On not buying Buy Nothing Christmas

December 30, 2012
Sarah Ens |

Christmas is by now long over and I am, as always, sad about it. I love the candles, the cookies, the darkness complete and frozen outside the window, and the hymns, stuck in my head all year long, finally sung with family and friends. I love the familiar biblical words breathing new life into my day-to-day and, of course, It’s A Wonderful Life right before bed. These are the memories I love-- the moments I look forward to most and I can’t help but be sad when they come to a close.

I like to think that these images would still be as beautiful as they are to me without the promise of gifts on Christmas morning, but this Christmas in particular, I wondered if perhaps part of the magic of Christmas has more to do with opening of presents than I’d like to admit. The more I thought about it, the more I was sure that the surprises waiting under the tree would certainly be missed if they were no longer a part of my Christmas. Buy Nothing Christmas, then, a movement inspired by an anti-consumeristic ethic I strongly admire, became to me less simple than I originally thought.

I want to be sure to emphasize that I absolutely respect the people who decide to partake in Buy Nothing Christmas. The commercial that Christmas has unfortunately in many ways become, with the Starbucks holiday drinks, the stressful mall parking lots, and the plastic shopping bags stretched to the brim, is troublesome. Those that are able to resist the advertisements and the cultivated need that accompanies them are certainly fighting a good fight. I don’t mean to deny that at all. Buying Nothing can inspire great thoughtfulness as gifts homemade or donations made in someone’s name make for wonderful gifts—the Grinch taught me long ago that Christmas is not bought from a store at all. And so, because anti-consumerism is an ethic that should be taught, especially during the Christmas season--a time of conscientiousness--it is possible that I am constructing an excuse for the receiving and giving of store-bought presents I so anticipate.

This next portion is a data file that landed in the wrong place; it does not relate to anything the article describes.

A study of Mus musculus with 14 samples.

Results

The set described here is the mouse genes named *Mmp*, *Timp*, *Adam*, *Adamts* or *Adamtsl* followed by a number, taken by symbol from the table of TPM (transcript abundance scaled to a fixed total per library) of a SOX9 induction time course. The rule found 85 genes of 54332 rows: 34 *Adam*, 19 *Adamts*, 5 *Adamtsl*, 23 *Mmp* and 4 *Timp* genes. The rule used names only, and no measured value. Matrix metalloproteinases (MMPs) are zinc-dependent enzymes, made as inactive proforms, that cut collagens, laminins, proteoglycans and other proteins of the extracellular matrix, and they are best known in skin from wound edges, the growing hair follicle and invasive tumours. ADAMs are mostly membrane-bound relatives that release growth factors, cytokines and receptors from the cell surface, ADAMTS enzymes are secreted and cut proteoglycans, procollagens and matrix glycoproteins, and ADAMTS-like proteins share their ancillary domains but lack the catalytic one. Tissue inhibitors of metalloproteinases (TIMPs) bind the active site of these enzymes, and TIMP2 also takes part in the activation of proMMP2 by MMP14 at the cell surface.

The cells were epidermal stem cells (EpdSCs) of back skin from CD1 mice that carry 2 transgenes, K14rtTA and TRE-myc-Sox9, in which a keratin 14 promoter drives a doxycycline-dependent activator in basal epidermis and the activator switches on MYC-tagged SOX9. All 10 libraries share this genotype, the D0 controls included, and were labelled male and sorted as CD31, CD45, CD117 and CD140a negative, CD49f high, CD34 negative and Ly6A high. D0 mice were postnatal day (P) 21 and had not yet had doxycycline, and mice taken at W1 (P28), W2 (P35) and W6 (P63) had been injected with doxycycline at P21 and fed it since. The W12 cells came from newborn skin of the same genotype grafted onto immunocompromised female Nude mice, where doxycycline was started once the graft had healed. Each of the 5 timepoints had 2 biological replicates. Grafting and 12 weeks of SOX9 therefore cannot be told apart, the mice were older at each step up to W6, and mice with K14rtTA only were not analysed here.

However, while I may have bought into the commercials a little too much, there is something absolutely satisfying about picking out a sweater for your brother that he loves so much that he puts it on as soon as he unwraps it and wears it practically every day of the winter. There is almost nothing I like more than receiving a great book that was picked out because either the giver loved the book and wanted to share it or because they had me in mind as they read it. Giving family and friends jewelry, gadgets, or even iTunes gift certificates are presents that are certainly not needed, but rather, wanted. Christmas is an excuse to think about the people you love and give them what you think they might really want.

Certainly, I have romanticised Christmas shopping and certainly I am speaking from a position of privilege. The magic of Christmas that depends somewhat on “stuff” is impossible for many who cannot fill the space under their tree. This, again, is problematic since it creates a yet another power dynamic between those who can buy Christmas and those who cannot. I firmly believe that there must be a change, and that Buy Nothing Christmas is a good way to start. However, I wonder if we must throw out the frivolity that comes from store-bought presents all together—-purchased gifts cannot be all bad. (After all, the Three Wise Men were quite big spenders themselves.)

So this year, like other years, I stood in line and bought Christmas presents, aware of the consumerism I was buying into but not quite sure that it was absolutely wrong either, forcing me to wonder if Christmas really can be as simple as Buy Nothing or Buy Something.